ISET

The VET reform assessment was conducted on October 4, 2017. According to the Government Survey, 80% of 2013-2017 Action Plan, and 50% of the entire reform, which is scheduled to last until 2020, has been implemented. The survey also showed how the reform, including launch of the dual education system, which took off in 2013 revamped the whole structure of vocational education system. However, it will be difficult to achieve the desired results without active involvement of the private sector.

The reform was evaluated by the Stakeholder Group with a score of 5.76 out of 10.

On September 27, 2017, the first assessment of Pension Reform was conducted, within “ReforMeter”. Based on the Government Survey, 38.8% of the reform is already implemented. At this stage, the reform concept is elaborated and approved by the Government. In October, the draft law will be publicly available. The pension fund functions and obligations are formulated. The regulatory body is defined. Pension system operating rules are designed.

The reform was also evaluated by the reform stakeholders. They underlined that the reform concept was changed many times, and the last version is not still available. Hence, they were not aware of the final concept of the private pension savings (II Pillar) system, as well the indexation mechanisms of social pensions. According to the Ministry of Economy, the draft law on private pension savings will be published the first week of October.

On May 23, ISET-PI hosted the launch ceremony of ReforMeter, which was attended by representatives of Government institutions, NGOs and international organizations. Welcoming remarks were made by Shamennna K. Gall, the acting Deputy Economic Growth Offices of the US Embassy, and Bruno Balvanera, the EBRD Director for the Caucasus, Moldova and Belarus.

ReforMeter is an online platform which generates reform progress analysis for policy making and public dialogue, and builds trust between the government, the private sector and the general public. The project is implemented by the ISET Policy Institute and financed by USAID G4G.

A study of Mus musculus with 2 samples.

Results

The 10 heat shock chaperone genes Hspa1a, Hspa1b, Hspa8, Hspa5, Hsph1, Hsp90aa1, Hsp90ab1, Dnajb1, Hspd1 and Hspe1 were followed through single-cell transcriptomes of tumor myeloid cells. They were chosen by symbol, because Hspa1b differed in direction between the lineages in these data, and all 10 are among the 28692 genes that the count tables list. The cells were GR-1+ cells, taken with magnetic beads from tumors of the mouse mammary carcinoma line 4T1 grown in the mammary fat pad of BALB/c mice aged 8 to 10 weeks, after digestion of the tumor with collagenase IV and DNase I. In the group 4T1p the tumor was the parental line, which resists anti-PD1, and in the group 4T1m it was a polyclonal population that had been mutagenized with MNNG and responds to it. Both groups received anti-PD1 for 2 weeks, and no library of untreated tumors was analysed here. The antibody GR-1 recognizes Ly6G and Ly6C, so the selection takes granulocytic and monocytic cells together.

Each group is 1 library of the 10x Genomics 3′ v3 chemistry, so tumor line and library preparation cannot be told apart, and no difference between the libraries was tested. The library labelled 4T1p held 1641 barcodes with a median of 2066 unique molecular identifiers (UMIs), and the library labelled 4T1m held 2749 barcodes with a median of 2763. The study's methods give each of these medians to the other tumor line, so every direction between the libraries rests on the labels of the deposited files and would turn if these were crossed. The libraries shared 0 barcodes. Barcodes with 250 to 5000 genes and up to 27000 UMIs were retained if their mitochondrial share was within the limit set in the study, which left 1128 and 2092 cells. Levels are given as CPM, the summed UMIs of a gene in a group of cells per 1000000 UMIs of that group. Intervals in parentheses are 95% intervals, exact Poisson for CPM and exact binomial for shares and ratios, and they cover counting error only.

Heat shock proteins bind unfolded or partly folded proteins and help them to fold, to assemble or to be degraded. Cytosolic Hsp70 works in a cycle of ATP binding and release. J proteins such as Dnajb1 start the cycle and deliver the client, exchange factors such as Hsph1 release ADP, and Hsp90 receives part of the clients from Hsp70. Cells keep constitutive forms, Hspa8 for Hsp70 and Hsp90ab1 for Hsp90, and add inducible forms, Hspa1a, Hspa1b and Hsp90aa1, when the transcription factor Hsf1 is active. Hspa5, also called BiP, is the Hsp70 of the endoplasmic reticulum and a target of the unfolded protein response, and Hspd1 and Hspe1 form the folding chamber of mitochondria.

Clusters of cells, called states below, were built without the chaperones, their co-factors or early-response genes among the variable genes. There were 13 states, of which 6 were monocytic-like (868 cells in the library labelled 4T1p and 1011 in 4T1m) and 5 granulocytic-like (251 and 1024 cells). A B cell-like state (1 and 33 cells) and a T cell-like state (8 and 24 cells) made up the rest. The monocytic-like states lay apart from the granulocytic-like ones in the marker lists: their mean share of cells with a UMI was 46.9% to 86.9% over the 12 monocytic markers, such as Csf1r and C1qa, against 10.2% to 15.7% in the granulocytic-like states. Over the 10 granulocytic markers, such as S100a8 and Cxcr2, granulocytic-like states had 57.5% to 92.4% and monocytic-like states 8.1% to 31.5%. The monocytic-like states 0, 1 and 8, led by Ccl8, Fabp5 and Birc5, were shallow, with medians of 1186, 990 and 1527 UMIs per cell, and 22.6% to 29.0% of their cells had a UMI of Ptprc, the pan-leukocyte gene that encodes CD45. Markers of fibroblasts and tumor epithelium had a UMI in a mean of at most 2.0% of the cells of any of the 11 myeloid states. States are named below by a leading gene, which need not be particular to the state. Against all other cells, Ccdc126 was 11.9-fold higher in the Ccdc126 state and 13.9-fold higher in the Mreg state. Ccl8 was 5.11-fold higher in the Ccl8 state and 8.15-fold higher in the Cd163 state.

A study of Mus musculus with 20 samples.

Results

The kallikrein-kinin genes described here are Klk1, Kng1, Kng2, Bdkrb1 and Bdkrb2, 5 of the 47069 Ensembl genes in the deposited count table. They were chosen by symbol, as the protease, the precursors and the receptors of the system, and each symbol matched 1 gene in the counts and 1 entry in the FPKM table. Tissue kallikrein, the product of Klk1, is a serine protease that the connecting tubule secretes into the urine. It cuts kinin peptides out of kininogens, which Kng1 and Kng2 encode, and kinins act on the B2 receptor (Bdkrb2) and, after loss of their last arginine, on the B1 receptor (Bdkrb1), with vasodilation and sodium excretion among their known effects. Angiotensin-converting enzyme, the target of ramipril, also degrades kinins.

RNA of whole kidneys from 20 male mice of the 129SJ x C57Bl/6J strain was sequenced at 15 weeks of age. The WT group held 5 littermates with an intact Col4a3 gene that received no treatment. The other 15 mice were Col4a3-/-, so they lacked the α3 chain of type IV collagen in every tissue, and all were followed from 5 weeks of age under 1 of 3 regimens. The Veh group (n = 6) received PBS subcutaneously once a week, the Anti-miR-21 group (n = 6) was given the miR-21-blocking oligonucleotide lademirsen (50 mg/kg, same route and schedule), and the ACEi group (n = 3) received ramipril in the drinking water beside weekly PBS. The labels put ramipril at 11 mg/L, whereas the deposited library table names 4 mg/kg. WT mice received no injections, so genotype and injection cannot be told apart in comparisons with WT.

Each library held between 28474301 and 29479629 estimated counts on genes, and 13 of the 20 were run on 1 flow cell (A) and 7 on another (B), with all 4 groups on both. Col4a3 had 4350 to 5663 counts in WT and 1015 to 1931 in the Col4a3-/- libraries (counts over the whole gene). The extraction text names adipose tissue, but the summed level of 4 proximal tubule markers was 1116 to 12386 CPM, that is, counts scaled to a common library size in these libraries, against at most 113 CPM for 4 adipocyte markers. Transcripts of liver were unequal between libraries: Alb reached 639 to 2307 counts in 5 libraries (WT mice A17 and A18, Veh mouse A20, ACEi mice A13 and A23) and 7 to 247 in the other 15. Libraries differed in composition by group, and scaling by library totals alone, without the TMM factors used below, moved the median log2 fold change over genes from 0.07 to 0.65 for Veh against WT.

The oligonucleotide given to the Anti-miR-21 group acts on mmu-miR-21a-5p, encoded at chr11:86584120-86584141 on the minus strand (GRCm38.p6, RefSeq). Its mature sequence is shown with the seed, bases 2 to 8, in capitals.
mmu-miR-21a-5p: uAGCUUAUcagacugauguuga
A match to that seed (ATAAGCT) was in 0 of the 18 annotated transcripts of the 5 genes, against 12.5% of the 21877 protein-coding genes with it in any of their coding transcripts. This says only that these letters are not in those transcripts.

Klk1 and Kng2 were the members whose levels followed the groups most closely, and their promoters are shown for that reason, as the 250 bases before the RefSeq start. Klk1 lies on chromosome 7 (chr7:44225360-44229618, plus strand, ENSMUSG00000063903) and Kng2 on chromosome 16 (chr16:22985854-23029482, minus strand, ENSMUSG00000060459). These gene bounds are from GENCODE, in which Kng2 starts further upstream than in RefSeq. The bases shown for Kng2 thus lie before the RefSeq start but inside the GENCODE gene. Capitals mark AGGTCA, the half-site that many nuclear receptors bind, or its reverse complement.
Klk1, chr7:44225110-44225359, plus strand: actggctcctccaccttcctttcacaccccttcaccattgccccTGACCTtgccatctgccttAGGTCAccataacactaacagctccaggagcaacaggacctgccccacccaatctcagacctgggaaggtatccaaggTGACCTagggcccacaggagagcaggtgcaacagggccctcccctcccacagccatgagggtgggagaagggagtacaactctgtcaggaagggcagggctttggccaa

ISET continues its student policy paper seminar series for the institute's (now graduated) second-year students. This time, Tatia Sosiashvili, Megi Tsikoridze, Nino Aladashvili, and Sopo Basilidze presented their joint paper on tax administration in Georgia. Their project, entitled “Current Challenges in Tax Administration (VAT)”, was supervised by Eric Livny, President of ISET and the ISET Policy Institute, and Sophiko Skhirtladze, an ISET Resident Faculty member and head of the Private Sector Development Policy Research Center.

The students explained that tax administration is an important tool for the government to implement and enforce tax laws and receive mandates by law. It includes the management of taxpayers’ registration, including the detection of non-registration and false registration; the processing of tax returns, withholdings and third-party information; the verification or examination of the correctness and completeness of received information; the process of enforced debt collection, and the handling of administrative appeals and complaints.

On December 23, a lunch meeting was organized for EPAC members to discuss whether laws on antidumping are necessary. The event was organized by Georgian Lawyers for Independent Professions, Governing for Growth (G4G), and the Society of Free Individuals. ISET Policy Institute researcher Gigla Mikautadze was invited as a guest speaker, and presented his views on the need for antidumping regulations and possible economic consequences. Despite the fact that many countries regulate prices of imported goods, there are dozens of countries not having any antidumping law.